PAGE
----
Global Policy Forum

Putin’s Grand Vision: A New Eurasian Bloc with Old Soviet Neighbors

After announcing he would return to the presidency next year, Vladmir Putin proposed the formation of a supranational “Eurasian union,” based on shared economic interests. Putin claims he is not attempting to recreate the USSR, but rather to use the legacy of the Soviet Union for regional development. In 2009 Russia formed a customs union with Belarus and Kazakhstan which is due to become a "unified economic zone" next year, bringing down barriers to the movement of labor and capital. These efforts at regional integration may also demonstrate frustration with Russia's 18-year-long effort to join the World Trade Organization (WTO).

By Miriam Elder

October 4, 2011

One week after announcing that he will return to the presidency next year Vladimir Putin has laid out a grand vision to bring Russia's former Soviet neighbours back into the fold.

Putin proposes the formation of a "Eurasian union", a bloc that could boost Russia's influence on the global stage. The proposal – from the man who once dubbed the Soviet Union's collapse "the greatest geopolitical catastrophe of the 20th century" – raises the spectre of the Russian prime minister's imperial designs.

The Eurasian union would be based on a customs union with Belarus and Kazakhstan, Putin suggests in an article published in Izvestiya newspaper on Tuesday.

"We are not going to stop there, and are setting an ambitious goal before ourselves – to get to the next, even higher, level of integration – to a Eurasian union," he has written. Tajikistan and Kyrgyzstan are also expected to join, he says.

Expecting critics to say he is trying to re-form the Soviet Union, Putin says: "We are not talking about recreating the USSR in one form or another. It would be naive to try to restore or copy that which remains in the past, but close integration based on new values and a political and economic foundation is imperative."

He adds: "We received a big legacy from the Soviet Union – infrastructure, current industrial specialisation, and a common linguistic, scientific and cultural space. To use this resource together for our development is in our common interest."

Putin has formed countless Moscow-led groupings aiming to maintain the power that Russia lost with the collapse of the Soviet Union. In recent years he has focused on economic integration and has pushed for former Soviet states to adopt the rouble as a regional currency.

In 2009 Russia formed a customs union with Belarus and Kazakhstan which is due to become a "unified economic zone" next year, bringing down barriers to the movement of labour and capital.

The Eurasian union would take that one step further, Putin says.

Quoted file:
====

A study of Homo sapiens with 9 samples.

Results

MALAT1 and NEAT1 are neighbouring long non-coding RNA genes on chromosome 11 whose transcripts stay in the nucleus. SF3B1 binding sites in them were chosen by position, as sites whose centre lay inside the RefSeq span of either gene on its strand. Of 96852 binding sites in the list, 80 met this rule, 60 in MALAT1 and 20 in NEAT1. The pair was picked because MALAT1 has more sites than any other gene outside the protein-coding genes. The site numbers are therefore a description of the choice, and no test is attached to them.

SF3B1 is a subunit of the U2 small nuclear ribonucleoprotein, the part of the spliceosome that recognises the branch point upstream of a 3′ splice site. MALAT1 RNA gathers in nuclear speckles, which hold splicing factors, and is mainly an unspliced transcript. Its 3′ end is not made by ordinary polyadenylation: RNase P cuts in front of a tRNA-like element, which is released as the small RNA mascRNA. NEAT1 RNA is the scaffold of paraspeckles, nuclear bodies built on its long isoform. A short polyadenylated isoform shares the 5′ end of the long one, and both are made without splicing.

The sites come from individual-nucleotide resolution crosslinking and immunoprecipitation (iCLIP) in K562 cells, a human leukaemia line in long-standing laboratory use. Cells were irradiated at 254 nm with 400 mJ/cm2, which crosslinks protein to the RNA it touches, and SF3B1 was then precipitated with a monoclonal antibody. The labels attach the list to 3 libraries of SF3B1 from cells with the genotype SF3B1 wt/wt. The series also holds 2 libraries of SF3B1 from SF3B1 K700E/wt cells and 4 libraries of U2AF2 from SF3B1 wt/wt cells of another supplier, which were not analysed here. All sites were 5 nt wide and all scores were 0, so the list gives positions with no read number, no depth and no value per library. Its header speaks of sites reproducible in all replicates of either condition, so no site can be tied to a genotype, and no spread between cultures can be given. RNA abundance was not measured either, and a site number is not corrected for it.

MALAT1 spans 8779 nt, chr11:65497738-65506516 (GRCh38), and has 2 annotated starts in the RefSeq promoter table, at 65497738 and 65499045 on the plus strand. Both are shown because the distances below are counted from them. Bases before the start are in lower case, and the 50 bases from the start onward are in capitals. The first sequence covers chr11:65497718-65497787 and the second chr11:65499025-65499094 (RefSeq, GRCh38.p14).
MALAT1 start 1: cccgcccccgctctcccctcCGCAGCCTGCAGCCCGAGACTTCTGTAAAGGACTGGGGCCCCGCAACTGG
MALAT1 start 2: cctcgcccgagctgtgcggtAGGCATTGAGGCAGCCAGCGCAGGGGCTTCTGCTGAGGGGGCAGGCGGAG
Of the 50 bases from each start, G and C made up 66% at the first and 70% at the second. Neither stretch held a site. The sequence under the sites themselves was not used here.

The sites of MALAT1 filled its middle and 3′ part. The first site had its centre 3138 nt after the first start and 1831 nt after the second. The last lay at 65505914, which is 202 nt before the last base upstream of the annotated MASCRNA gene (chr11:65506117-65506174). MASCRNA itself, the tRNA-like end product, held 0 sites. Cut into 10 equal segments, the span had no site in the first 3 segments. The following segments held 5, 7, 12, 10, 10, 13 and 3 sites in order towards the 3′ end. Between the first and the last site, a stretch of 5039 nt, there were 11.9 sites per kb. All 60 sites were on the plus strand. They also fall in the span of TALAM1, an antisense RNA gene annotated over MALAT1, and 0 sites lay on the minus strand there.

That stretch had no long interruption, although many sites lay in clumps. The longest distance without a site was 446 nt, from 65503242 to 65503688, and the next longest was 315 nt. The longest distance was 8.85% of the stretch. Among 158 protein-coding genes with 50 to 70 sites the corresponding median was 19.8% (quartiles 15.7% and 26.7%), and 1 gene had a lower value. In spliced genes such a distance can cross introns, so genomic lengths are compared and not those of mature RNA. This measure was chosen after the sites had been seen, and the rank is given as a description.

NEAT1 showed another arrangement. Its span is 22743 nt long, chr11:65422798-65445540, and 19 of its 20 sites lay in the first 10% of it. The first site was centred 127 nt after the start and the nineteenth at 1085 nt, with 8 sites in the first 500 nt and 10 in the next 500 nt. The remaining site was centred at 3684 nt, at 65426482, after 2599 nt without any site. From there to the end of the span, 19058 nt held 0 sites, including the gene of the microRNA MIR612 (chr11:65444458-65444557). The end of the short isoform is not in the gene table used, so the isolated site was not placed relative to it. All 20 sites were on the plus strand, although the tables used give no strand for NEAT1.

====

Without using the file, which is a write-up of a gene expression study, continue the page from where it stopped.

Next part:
"We propose a model of powerful, supranational union, capable of becoming one of the poles of the modern world," he writes in the article.

It will be an uphill battle. The combined GDP of the EU stood at $16 trillion last year, while the Commonwealth of Independent States, an informal grouping of former Soviet states minus the Baltics, was just $1.9tn, according to the International Monetary Fund. Putin has been at pains to describe the union as an open project into which no one would be "pushed or rushed".

He has issued, however, a thinly veiled criticism aimed at Ukraine, which has continued to seek integration with the EU rather than renew ties with Russia.

"Some of our neighbours explain their reluctance to participate in advanced integration projects in the post-Soviet space by saying it allegedly contradicts their European choice," Putin writes.

"This is a false divide. The Eurasian union will be built on universal principles of integration as an integral part of greater Europe, united by common values of freedom, democracy and market laws."

The other two members of the customs union, on which the Eurasian union would be based, have been criticised for their lack of democracy, with Belarus dubbed "the last dictatorship in Europe".

The article is Putin's first foreign policy pronouncement since he announced he would return to the presidency next year, potentially getting another 12 years in power.

Fyodor Lukyanov, editor of Russia in Global Affairs, said: "It's quite remarkable Putin would start with this.

"The logic behind it is primarily economic, and in this sense it is different from previous attempts, which were political or just decorative, to show Russian leadership."

The move could also be a sign of frustration with Russia's 18-year-long effort to join the World Trade Organisation, Lukyanov said. "The customs union was to a certain extent Putin's response to years and years of fruitless negotiations on the WTO – if global integration is not available let's turn to a regional one."